The resolution resolves to calls upon Bolivian authorities to “urgently” hold elections and “to promptly adopt an electoral schedule”.

It furthermore calls all sides to “immediately cease from violence, preserve peace, and seek a frank dialogue to promote national democratic reconciliation.”

The OAS itself suggested to mediate the election process and essentially control it so that “transparent elections” may take place. Or ones that hopefully elect a suitable candidate to the taste of the Washington-led establishment.

To that end, the resolution instructs “the General Secretariat of the OAS, through the Secretariat for Strengthening Democracy, to grant all the requested technical support necessary for the electoral process to begin immediately, in accordance with the principles of transparency, independence, credibility, and trust consistent with international electoral standards.”

Only one country, out of all the members of the OAS expressed a differing opinion – Uruguay. It condemned the actions of the Secretary General of the OAS and his recognition of Jeanine Anez as self-proclaimed Interim President of Bolivia.

“In Bolivia there was an interruption of the institutional order, given that the constitutional procedures for accepting the resignation of President Evo Morales were not followed, inasmuch as the Legislative Assembly had not convened, as established in Article 170 of the Bolivian Constitution cited in the draft resolution.

To disregard that fact is extremely serious and cannot be ignored. The Secretary General of the OAS has again overstepped his functions by recognizing Ms. Jeanine Añez as Interim President, when, in reality, she is a de facto authority.”

Furthermore, Uruguay underlined that the OAS had no legitimacy to recognize governments.

In addition, it would appear that the “Permanent Council” actually negotiated the resolution behind closed doors, in a limited quorum and Uruguay wasn’t invited to the discussions.

“Uruguay calls on the de facto Bolivian authorities at once to cease the indiscriminate repression of civilians and immediately to call free, transparent, and credible elections observed by reliable organizations and institutions, such as the United Nations or the European Union.”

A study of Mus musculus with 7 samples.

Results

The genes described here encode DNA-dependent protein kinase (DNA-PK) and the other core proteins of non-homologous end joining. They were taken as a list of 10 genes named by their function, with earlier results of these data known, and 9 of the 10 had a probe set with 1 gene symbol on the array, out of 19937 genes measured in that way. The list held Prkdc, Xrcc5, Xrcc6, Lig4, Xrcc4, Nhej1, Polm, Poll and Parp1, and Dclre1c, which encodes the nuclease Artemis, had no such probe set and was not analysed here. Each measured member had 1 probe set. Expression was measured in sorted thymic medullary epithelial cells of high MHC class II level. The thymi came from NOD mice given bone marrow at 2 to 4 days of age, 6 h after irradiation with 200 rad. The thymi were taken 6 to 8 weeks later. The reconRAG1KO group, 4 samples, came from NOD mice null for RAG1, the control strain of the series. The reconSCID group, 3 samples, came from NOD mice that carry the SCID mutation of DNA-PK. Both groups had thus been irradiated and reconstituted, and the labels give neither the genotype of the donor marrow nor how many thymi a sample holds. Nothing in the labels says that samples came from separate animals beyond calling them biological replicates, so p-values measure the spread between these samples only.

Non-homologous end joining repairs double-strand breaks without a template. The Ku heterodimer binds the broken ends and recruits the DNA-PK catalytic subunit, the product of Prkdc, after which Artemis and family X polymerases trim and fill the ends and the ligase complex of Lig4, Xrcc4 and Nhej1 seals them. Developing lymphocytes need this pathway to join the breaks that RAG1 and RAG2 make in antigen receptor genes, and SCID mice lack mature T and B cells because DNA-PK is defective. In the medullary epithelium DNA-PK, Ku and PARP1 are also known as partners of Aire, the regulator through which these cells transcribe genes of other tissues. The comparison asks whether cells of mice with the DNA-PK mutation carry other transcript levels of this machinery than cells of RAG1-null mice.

Finally, Antigua and Barbuda, Mexico, Nicaragua and St. Vincent and the Grenadines announced that they would also release their own footnotes on the resolution, but they haven’t as of mid-day on November 21st. It is likely that they also weren’t included in closed doors discussions.

The discussions and support are quite dubious, as if the OAS is supporting the coup attempt in Bolivia against “former” President Evo Morales.

Meanwhile, to counter the coup, Evo Morales called for an international “Truth Commission” to examine the role of the US-dominated OAS in the events of November 10th and on.

“We invite international organizations, Pope Francis, to form a truth commission about the October 20 [presidential] elections,” Morales said during a press conference in Mexico.

“Luis Almagro [OAS Secretary General] and the OAS joined the coup d’etat in Bolivia,” Morales said. “The Truth Commission will show the role of the OAS in the coup.”

CEPR co-director Mark Weisbrot accused OAS of misleading the Bolivian public about the results of the presidential election and helping to spark the coup that ousted Morales.

Meanwhile, clashes in Bolivia continue, on November 19th, at least 3 died and 22 were injured after Bolivian police and military forces used armored vehicles and helicopters to unblock access to a major fuel plant that had been blockaded by supporters of former president Evo Morales.

Clashes took place in Cochabamba, as well. There appears to be a limited amount of information on what exactly is transpiring inside the country as of November 20th and 21st, but it is unlikely that any significant reduction in violence has taken place, since the coup government is struggling to consolidate any sort of power.